Chrome Beta version 45 for Android is rolling out today (Play Store link) and includes some nice interface tweaks as well as one addition that was previously announced at Google’s I/O developer conference back in May. Chrome Beta is a build of the Chrome browser which includes features and changes that are almost, but not quite, ready for use by the masses. Showing up in the Beta build of the browser is a good indicator that a feature or adjustment will soon reach those masses, so it’s always interesting to see what’s been added.

Aside from adding a play/pause button to media notifications for audio playing from the browser (so you can, say, listen to a podcast you found in Chrome while simultaneously using other apps), and more granular control for developers over when web/native app install banners appear, the largest addition to come with Beta 45 seems to be Custom Tabs. We wrote about those first two changes last week.

Announced at the aforementioned Google I/O, Custom Tabs allows developers to customize the look and feel of the Chrome browser when launched by clicking a web URL inside an app. Say for example you’re browsing the Pinterest app and click on the link to a recipe. Up until now, developers lost much control over what happened after this — they could either kick you over to a dedicated browser app on your phone or open the link within a webview inside their app, which is essentially a watered-down version of the full browser that just displays the requested page and some basic navigation buttons. These webviews are lacking because they don’t provide all the rich functionality of Chrome like autofilling login forms with pre-saved credentials.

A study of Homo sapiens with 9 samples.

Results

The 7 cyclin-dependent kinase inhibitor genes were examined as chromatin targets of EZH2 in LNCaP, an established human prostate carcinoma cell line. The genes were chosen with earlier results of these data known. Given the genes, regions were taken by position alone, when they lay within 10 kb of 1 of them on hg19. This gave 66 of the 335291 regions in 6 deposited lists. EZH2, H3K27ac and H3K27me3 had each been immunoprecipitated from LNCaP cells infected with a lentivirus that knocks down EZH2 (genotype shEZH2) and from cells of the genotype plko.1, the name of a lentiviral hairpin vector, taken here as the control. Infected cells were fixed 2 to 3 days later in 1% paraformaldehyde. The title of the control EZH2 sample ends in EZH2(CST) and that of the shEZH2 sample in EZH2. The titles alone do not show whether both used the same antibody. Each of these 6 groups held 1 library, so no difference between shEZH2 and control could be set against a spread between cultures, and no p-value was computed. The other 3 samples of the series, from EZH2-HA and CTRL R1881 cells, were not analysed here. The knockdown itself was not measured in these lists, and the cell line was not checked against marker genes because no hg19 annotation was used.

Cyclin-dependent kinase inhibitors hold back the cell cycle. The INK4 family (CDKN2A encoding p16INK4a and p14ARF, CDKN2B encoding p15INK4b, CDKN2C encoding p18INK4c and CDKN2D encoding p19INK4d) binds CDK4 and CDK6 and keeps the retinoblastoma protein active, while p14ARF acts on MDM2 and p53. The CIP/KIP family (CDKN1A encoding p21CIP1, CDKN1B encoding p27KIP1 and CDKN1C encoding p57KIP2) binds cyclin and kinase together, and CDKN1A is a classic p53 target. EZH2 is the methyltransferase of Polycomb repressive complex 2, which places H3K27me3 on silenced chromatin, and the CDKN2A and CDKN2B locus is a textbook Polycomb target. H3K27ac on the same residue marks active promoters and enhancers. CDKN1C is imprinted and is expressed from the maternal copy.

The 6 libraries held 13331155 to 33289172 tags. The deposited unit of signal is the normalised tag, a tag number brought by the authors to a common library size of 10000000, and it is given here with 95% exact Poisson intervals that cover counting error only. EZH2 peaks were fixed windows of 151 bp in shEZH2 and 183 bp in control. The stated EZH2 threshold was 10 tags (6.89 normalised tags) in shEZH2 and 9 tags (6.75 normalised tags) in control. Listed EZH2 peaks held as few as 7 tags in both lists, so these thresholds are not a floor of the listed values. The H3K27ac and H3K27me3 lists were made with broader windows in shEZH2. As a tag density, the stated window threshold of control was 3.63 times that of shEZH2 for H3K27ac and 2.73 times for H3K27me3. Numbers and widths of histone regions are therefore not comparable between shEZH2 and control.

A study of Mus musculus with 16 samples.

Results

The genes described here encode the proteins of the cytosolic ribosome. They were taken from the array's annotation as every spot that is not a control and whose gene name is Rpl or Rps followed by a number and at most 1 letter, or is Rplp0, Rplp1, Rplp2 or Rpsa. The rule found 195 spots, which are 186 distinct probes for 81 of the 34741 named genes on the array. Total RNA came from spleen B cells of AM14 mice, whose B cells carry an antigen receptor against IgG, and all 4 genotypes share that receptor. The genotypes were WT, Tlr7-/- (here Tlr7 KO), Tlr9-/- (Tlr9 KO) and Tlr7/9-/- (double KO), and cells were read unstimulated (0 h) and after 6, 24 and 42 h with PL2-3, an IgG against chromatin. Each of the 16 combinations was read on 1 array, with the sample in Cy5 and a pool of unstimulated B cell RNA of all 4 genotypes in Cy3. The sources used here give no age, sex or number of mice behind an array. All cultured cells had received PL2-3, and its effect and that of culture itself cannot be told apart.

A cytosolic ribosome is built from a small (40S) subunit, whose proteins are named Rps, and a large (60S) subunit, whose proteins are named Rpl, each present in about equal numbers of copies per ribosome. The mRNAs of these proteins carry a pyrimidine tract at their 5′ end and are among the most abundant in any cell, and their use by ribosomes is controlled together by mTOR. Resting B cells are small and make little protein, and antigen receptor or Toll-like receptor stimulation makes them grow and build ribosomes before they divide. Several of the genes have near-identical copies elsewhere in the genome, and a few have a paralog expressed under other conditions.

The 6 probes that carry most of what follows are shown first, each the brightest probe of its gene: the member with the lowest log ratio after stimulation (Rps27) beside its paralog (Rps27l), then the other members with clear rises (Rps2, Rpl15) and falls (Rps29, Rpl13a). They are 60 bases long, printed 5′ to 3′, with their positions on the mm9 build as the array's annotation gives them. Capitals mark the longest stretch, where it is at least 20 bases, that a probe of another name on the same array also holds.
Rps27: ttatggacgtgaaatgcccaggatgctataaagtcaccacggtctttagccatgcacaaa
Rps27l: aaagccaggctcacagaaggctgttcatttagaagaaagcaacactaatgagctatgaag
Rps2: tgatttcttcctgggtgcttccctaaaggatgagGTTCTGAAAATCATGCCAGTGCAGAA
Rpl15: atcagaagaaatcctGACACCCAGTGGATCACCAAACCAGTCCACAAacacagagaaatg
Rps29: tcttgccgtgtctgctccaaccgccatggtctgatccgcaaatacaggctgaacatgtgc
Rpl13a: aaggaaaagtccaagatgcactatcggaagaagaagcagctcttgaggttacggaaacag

With Custom Tabs, developers get this functionality as well as the ability to make design changes and add their own custom functionality (hence the use of ‘custom’). Here’s what a Custom Tab in Pinterest’s app looked like when demoed during I/O:


As you can see from the screenshot above, what looks like a native app is actually a webpage with a Chrome navigation bar fixed at the top of the screen. There’s Pinterest’s signature “Pin it” button for saving images and other content to a user’s boards, and both the iconography and typography in the top bar match that of the rest of the Pinterest app, but it’s actually the Chrome browser that this user is looking at. That’s what I mean when I talk about control: With Custom Tabs, developers get much more control over what happens and the experience when a user wants to access a piece of content found within their app but that’s located elsewhere on the web.

The last notable change that Google included in its changelog for the Chrome Beta update is a refreshed bookmarks user interface. Here’s a before and after:

As I mentioned in last week’s post about the first two changes we saw coming with Beta 45 for Android, each new successive update to the browser makes it even more evident that the mobile version of Chrome is on a quickening path to divergence with the native Android operating system. The two are reaching feature parity, a point wherein aside from speed advantages in favor of native due to native software frameworks being ruthlessly optimized for speed (unlike many web frameworks), web apps will be almost (emphasis on this, please don’t yell at me) identical in functionality to their native app counterparts.

The ability to advertise to site visitors that they can add a shortcut icon to the website onto their home screen, media controls for audio streamed through webpages, access to the Bluetooth-enabled beacons which are beginning to layer the real world — it’s all adding up to a truly app-like experience from the user perspective. And now with Custom Tabs developers of native Android apps can fear the Wild Web West at least a little less. Save for how most of these things can only be experienced from within Google’s own browser, or from the open source Chromium version, I think these advances are a win-win for players at both ends of the web-native debate.